Why I go camping in the snow 

Why I go camping in the snow 

I’m writing this on Monday swaddled in jumpers with my nose streaming and a hacking cough. But more on why I do it later on.

February Camp started in 1970 and has been observed every year since. From what I can glean from the group elders, it was ostensibly devised as a means by which they could escape into the hills for a weekend of camping. It remains an avowedly all-male affair. Not, I might add, that any partner to my knowledge has ever expressed much of a wish to tag along. Certainly, my own wife tells me I am a madman for attending.

It is a tradition that has been passed down from father to son and along the way has scooped up various hangers-on, of which I am one. Most of us do not meet, or indeed speak, for the rest of the year – but we know, come that first Friday night in February, that we will find each other propping up the bar in the pub next to the field in the High Peak where we camp.

The itinerary is always the same. Cheese and wine on Friday night. On Saturday, we go walking, settle down in a pub to watch the Six Nations, then head off back to our tents up a massive hill in the pitch black. The night always ends with a fire: a raging inferno of old pallets. Some of us bring along our Christmas trees as kindling.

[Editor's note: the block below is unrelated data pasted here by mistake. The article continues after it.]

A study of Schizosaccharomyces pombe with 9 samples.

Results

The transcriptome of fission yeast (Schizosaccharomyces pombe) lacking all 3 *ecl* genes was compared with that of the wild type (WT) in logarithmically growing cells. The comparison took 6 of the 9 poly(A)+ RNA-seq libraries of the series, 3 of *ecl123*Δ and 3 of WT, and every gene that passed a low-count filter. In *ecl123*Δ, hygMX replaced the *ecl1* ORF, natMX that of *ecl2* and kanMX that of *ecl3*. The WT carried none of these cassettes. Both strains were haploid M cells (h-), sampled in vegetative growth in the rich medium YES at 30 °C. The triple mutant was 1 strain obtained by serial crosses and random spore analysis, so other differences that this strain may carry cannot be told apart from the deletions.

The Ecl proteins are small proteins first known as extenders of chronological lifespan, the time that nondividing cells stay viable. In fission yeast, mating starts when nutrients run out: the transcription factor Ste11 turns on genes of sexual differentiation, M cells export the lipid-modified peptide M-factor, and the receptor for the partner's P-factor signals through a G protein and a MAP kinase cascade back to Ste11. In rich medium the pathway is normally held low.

If all this sounds ritualistic, then that is exactly what it is. Britain once had countless religious and pagan festivals associated with the seasons, but these have dwindled away over the centuries as an increasingly urbanised population has lost contact with the land. February Camp has become as much a part of my calendar year as Christmas. This year, one of our contingent even flew in from Milan.

The hills can be fantastically beautiful in winter. This Saturday, the sky was cerulean blue and we walked over powdery snow marked only with the footprints of bounding hares. I awoke to the sound of a raven kronking over my tent and later in the day spotted three buzzards soaring on thermals above us. Many Feb Camps ago walking at sunset I saw my first ever barn owl swooping silently over a snowy field.

I wish I could say that winter camping is becoming more of a trend, and perhaps it even is, but we never meet anybody foolhardy enough to replicate what we do.